How hard is that? Well, consider these facts: flavored yogurts have 25-35 grams of added sugar. Most 12-ounce sodas, energy and sports drinks have 30-40 grams of added sugar per serving with 20-ounce drinks around 65 grams, and popular breakfast cereals contain 10-20 grams of added sugar per serving. Even bran muffins typically range between 18-24 grams per serving of sugar. See the problem?
Complying with the AHA recommendations will require significant changes in eating and drinking patterns. Begin to ask your patients about their sugar consumption. Think of how many are consuming 1-2 sugary drinks daily, in addition to other dietary exposures to sugars. The problem is prevalent.
In fact, in a 2006 study published by the Journal of the American Dietetic Association researchers analyzed the habits of middle school students in Massachusetts and discovered that sugar-sweetened drinks made up 71% of vending purchases, and were selected three (3) times more often by students than bottled water. This study can be considered representative of most student campuses across the country today.
It goes without saying that dental professionals regularly see the visible impact excess sugar consumption has in the oral cavity. Much of that impact comes from sugar-sweetened drinks that also contain citric and/or phosphoric acid, which can lead to a favorable demineralization and caries environment.
In data that analyzed the beverage habits of almost 6,000 children, it was reported that carbonated soft drinks comprised 8.5% of total fluid intake for 2 to 10-year-olds, and they showed a significantly higher caries and decay pattern compared to children of the same age consuming high patterns of fruit juice.(5) Unfortunately, many young children who acquire a taste for sugary drinks carry that preference into adulthood.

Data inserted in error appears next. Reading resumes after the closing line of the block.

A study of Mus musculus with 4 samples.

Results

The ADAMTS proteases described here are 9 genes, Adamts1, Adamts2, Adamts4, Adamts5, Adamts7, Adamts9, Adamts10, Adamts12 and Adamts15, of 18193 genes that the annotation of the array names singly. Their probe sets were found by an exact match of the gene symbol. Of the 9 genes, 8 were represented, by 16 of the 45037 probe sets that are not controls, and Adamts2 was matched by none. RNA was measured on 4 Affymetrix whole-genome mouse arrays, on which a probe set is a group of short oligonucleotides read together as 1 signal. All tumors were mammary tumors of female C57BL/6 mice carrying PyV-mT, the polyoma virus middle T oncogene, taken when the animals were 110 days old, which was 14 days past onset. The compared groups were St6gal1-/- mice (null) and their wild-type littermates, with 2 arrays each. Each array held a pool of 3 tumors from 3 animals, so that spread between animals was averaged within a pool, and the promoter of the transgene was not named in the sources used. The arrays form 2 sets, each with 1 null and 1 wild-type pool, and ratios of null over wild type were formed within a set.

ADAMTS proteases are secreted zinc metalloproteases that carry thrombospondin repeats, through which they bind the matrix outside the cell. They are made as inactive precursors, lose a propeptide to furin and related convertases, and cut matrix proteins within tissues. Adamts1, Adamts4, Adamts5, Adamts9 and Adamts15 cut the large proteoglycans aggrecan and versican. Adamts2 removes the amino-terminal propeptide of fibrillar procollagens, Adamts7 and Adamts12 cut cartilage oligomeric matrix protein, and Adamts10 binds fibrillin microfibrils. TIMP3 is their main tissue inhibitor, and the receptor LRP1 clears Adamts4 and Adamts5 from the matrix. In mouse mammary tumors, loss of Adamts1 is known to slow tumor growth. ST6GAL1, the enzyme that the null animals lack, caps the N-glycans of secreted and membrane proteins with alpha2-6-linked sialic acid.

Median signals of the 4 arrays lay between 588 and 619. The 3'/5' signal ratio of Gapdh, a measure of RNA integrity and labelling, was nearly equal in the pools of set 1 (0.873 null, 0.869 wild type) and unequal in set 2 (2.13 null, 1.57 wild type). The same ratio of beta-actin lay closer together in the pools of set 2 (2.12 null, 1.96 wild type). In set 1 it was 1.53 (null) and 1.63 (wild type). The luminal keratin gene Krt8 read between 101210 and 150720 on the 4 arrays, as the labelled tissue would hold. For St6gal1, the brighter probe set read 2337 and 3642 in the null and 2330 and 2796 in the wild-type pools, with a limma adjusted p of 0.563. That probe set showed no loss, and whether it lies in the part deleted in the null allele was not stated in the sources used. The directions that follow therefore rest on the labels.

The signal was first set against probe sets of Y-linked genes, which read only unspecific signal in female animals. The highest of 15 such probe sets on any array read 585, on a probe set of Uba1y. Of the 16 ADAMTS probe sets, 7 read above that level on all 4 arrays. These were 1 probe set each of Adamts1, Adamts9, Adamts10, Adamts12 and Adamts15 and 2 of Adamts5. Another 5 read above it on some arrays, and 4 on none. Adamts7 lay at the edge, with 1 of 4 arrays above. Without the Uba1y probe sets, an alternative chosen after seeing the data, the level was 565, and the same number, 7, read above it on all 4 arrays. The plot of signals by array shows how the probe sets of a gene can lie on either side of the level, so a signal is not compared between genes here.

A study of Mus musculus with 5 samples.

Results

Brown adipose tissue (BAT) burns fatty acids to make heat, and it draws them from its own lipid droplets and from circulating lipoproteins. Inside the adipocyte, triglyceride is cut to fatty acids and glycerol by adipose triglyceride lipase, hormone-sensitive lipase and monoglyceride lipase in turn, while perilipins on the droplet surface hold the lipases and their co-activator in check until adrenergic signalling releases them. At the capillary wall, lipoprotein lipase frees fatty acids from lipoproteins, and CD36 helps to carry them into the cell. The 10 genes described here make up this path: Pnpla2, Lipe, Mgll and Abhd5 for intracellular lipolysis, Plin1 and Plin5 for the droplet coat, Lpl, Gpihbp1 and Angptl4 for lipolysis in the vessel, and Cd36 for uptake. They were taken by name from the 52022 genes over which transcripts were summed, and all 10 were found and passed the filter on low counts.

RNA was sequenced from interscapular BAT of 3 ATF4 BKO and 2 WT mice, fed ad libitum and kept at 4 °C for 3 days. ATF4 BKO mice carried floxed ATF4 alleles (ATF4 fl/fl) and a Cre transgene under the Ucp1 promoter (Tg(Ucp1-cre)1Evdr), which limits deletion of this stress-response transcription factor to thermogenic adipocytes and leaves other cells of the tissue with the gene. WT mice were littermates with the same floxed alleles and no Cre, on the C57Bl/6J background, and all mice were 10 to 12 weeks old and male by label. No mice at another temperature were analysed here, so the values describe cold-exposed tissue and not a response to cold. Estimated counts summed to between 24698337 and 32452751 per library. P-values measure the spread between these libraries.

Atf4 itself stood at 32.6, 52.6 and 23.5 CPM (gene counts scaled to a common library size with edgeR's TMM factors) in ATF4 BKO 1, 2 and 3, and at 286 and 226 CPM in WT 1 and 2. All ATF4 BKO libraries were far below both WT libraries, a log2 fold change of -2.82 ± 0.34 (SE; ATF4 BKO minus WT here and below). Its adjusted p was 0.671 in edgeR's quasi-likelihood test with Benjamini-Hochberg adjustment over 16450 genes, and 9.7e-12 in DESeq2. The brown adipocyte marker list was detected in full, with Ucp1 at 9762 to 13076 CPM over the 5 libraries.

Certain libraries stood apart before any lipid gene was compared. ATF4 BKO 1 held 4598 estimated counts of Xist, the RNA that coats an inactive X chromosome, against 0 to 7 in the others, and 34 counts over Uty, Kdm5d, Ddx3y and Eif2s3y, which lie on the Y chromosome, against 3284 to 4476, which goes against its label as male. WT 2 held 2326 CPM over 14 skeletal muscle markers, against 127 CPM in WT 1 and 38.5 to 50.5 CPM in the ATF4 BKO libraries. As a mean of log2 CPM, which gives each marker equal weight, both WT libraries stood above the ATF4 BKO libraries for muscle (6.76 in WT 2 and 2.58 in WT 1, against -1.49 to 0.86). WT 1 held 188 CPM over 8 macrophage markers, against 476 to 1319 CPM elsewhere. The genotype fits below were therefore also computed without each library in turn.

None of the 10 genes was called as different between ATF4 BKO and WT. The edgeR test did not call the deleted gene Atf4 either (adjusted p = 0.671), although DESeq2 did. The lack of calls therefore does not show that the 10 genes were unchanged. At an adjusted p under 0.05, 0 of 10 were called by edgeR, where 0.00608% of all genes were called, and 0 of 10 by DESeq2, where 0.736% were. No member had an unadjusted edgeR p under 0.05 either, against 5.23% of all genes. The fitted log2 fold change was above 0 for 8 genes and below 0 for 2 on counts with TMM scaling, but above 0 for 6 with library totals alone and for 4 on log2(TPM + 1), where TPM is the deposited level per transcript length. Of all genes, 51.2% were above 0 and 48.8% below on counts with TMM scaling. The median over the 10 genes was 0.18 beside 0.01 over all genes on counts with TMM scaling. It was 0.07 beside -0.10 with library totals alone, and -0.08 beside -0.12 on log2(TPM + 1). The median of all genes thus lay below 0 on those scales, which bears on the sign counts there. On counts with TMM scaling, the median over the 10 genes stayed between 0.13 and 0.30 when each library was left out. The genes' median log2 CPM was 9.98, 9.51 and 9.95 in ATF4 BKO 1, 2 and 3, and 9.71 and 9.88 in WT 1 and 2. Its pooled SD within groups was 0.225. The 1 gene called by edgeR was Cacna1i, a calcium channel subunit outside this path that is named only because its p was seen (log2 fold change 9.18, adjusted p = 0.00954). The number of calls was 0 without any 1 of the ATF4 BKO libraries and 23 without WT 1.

Educating patients (and parents) about the AHA guidelines for limiting daily sugar consumption is certainly a good place to start for reducing caries and decay risks, and who knows, might even help save a heart in the process!References 1. Johnson RK, Appel LF, Brands M, Howard BV, Lefevre M, Lustig RH, Sacks F, Steffen LJ, Wylie-Rosett J. Dietary sugars intake and cardiovascular health: A scientific statement from the AHA. Circulation 2009; 120: 1011-1020. 2. White JS. Straight talk about high-fructose corn syrup: what it is and what it ain’t. Am J Clin Nutr 2008: 88 (suppl): 1716S-21S. 3. Lustig RH. The skinny on obesity. Available at http://www.uctv.tv/skinny-on-obesity. Accessed September 10, 2012. 4. Brown IJ, Stamler J, Van Horn L, Robertson, CE, Chan Q, Dyer AR, Huang C, Rodriquez BL, Zhao L, Daviglus ML, Ueshima H, Elliot P. Sugar-sweetened beverages, sugar intake of individuals, and their blood pressure. Hypertension 2011; 57:695-701. 5. Sohn W, Burt BA, Sowers MR. Carbonated soft drinks and dental caries in the primary dentition. J Dent Res 2006; 85:262-267.